My sister and I traveled several years ago to visit a relative in prison in another state. I’ve been to a number of prisons and they’re all dark and foreboding. A correctional officer once escorted me from the gym where my class met to a cellblock so I could see it firsthand. I still shudder when thinking about those claustrophobic cells with steel doors.
However, God works in dark places. He sends his people there, including a number of scriptural heroes who were inmates; Joseph, Jeremiah, Silas and Paul come to mind.
My relative told us about his prison ministry.
He also told us an interesting story.
A megachurch in the state installed electronic equipment in the facility and began to broadcast their worship services. The downside, he explained, was that many local churches had been involved in prison ministry for years. Faithful Christians came to lead worship on Sunday, but now these services were poorly attended. The men found it more exciting to watch the long-distance worship services on screen. Times have changed, so I’m sure these local congregations have found other ways to do prison ministry.
The Hartford Institute for Religion Research defines a megachurch as having 2,000 or more congregants on a given weekend. Another study noted the megachurch is a denomination in itself since it doesn’t need denominational support; hence we’ve seen many churches drop “Baptist” or “Methodist” from their names.
I heard the late Robert Schuller at a conference suggesting his church “put the denomination in its place” by listing it on page 12 of the Sunday worship order!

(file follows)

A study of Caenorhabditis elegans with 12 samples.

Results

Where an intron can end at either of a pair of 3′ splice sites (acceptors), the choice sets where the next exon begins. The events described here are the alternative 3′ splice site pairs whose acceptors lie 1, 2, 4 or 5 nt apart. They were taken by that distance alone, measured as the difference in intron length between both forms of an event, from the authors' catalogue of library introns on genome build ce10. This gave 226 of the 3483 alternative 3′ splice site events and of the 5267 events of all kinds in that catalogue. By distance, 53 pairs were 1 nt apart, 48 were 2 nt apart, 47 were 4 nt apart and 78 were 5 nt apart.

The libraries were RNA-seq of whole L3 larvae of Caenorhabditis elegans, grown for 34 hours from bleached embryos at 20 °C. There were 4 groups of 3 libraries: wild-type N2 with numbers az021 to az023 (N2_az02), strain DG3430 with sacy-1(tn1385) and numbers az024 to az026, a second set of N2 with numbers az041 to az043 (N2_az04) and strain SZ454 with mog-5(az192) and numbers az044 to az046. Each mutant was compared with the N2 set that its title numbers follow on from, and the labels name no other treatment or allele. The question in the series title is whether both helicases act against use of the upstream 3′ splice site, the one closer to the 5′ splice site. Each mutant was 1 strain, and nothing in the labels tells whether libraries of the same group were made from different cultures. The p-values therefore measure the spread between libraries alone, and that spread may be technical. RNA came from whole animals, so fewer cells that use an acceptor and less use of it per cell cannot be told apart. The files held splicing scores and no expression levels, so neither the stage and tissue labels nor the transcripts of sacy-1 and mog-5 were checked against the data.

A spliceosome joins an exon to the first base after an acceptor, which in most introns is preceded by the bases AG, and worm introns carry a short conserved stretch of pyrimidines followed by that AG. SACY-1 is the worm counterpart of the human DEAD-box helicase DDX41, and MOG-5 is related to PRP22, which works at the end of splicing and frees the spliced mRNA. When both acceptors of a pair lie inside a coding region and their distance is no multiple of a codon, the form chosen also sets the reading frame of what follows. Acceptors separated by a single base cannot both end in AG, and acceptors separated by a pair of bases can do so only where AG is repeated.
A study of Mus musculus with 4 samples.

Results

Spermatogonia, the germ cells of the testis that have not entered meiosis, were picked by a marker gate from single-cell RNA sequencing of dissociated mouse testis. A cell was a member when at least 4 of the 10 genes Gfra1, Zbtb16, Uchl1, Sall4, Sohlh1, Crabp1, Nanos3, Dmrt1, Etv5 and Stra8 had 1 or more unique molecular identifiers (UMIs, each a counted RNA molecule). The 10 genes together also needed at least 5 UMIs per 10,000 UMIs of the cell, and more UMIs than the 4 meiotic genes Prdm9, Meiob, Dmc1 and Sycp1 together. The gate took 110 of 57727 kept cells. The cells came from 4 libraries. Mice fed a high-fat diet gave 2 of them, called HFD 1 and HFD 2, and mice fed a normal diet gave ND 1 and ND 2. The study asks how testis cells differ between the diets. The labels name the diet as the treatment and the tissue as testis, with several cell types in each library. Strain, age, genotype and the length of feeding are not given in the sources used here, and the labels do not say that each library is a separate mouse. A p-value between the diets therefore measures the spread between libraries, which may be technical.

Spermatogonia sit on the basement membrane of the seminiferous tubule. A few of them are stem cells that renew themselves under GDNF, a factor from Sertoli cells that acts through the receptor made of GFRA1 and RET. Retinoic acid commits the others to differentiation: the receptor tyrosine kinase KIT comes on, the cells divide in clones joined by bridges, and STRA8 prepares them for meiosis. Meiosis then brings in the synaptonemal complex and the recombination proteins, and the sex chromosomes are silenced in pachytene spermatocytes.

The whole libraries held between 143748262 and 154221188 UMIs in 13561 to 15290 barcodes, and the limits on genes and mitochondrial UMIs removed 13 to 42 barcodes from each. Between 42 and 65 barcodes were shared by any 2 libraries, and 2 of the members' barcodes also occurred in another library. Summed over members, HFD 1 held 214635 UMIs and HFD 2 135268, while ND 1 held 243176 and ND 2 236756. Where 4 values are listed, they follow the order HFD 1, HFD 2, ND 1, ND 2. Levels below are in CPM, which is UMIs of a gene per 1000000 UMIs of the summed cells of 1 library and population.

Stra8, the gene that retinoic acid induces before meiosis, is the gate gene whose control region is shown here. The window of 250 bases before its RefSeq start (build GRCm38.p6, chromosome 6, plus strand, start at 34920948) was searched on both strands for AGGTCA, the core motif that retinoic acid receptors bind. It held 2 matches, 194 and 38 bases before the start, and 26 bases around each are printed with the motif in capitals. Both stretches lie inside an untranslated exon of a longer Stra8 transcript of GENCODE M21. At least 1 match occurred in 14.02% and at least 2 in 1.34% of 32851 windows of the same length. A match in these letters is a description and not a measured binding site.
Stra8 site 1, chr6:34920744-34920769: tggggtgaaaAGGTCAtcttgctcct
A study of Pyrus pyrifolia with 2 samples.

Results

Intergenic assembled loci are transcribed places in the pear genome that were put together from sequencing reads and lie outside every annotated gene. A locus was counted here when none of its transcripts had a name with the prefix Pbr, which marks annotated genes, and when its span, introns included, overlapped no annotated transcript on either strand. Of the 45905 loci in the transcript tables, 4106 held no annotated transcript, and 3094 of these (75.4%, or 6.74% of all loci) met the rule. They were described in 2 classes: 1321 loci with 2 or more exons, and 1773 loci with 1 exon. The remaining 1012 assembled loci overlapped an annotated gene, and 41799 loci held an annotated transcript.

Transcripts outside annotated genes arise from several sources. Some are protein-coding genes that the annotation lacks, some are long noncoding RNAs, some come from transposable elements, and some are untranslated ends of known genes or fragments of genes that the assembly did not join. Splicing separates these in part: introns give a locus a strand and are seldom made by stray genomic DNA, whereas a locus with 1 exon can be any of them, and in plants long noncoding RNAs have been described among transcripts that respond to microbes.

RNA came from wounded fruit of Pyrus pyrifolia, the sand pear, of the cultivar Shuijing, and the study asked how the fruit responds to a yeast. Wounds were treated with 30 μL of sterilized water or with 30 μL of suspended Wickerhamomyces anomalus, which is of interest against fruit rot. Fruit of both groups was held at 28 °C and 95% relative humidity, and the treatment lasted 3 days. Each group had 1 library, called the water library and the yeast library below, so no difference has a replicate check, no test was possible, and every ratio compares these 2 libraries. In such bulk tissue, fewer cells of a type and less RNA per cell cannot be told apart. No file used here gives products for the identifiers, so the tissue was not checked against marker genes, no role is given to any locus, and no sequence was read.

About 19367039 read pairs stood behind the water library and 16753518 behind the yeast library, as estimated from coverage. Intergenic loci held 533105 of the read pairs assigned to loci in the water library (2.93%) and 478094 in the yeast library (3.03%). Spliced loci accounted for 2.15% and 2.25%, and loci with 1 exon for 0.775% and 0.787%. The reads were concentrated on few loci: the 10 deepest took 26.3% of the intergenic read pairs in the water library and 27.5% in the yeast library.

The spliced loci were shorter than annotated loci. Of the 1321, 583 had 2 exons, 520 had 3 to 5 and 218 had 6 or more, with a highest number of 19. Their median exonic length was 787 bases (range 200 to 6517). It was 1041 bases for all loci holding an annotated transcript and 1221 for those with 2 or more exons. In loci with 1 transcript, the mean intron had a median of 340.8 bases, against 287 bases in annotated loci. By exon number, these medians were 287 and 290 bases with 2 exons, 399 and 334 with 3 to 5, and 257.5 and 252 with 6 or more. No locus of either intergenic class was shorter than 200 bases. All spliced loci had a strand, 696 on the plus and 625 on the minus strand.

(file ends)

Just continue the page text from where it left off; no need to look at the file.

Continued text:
Whereas the megachurches get a lion’s share of publicity, they remain the minority. The same Hartford study reported some 1,600 megachurches in America, which is about one percent of our 350,000 churches.
A leader in my denomination speaks of the “normative-sized church” which has 75 people on Sunday, underscoring the growing need for bi-vocational or “tent-making” pastors who have full-time employment and serve the church on a part-time basis.
Every church has a role to play in God’s kingdom, though their roles are different and unique.
It’s possible, but harder to get “lost” in a normative church. If someone is absent, they’re missed, and hopefully contacted. And it’s harder to be inactive since every member is needed to staff various neighborhood ministries.
In a megachurch one can remain anonymous, and, of course, some worshippers want this to be so for various reasons. And it’s true that larger congregations can offer more opportunities for study and service, such as support groups for addictions. “One stop shopping,” as it were.
God works in churches large and small, and every congregation should see themselves as partners in serving Christ.
“Reflections” is a weekly faith column written by Michael J. Brooks, pastor of the Siluria Baptist Church in Alabaster. The church’s website is siluriabaptist.com.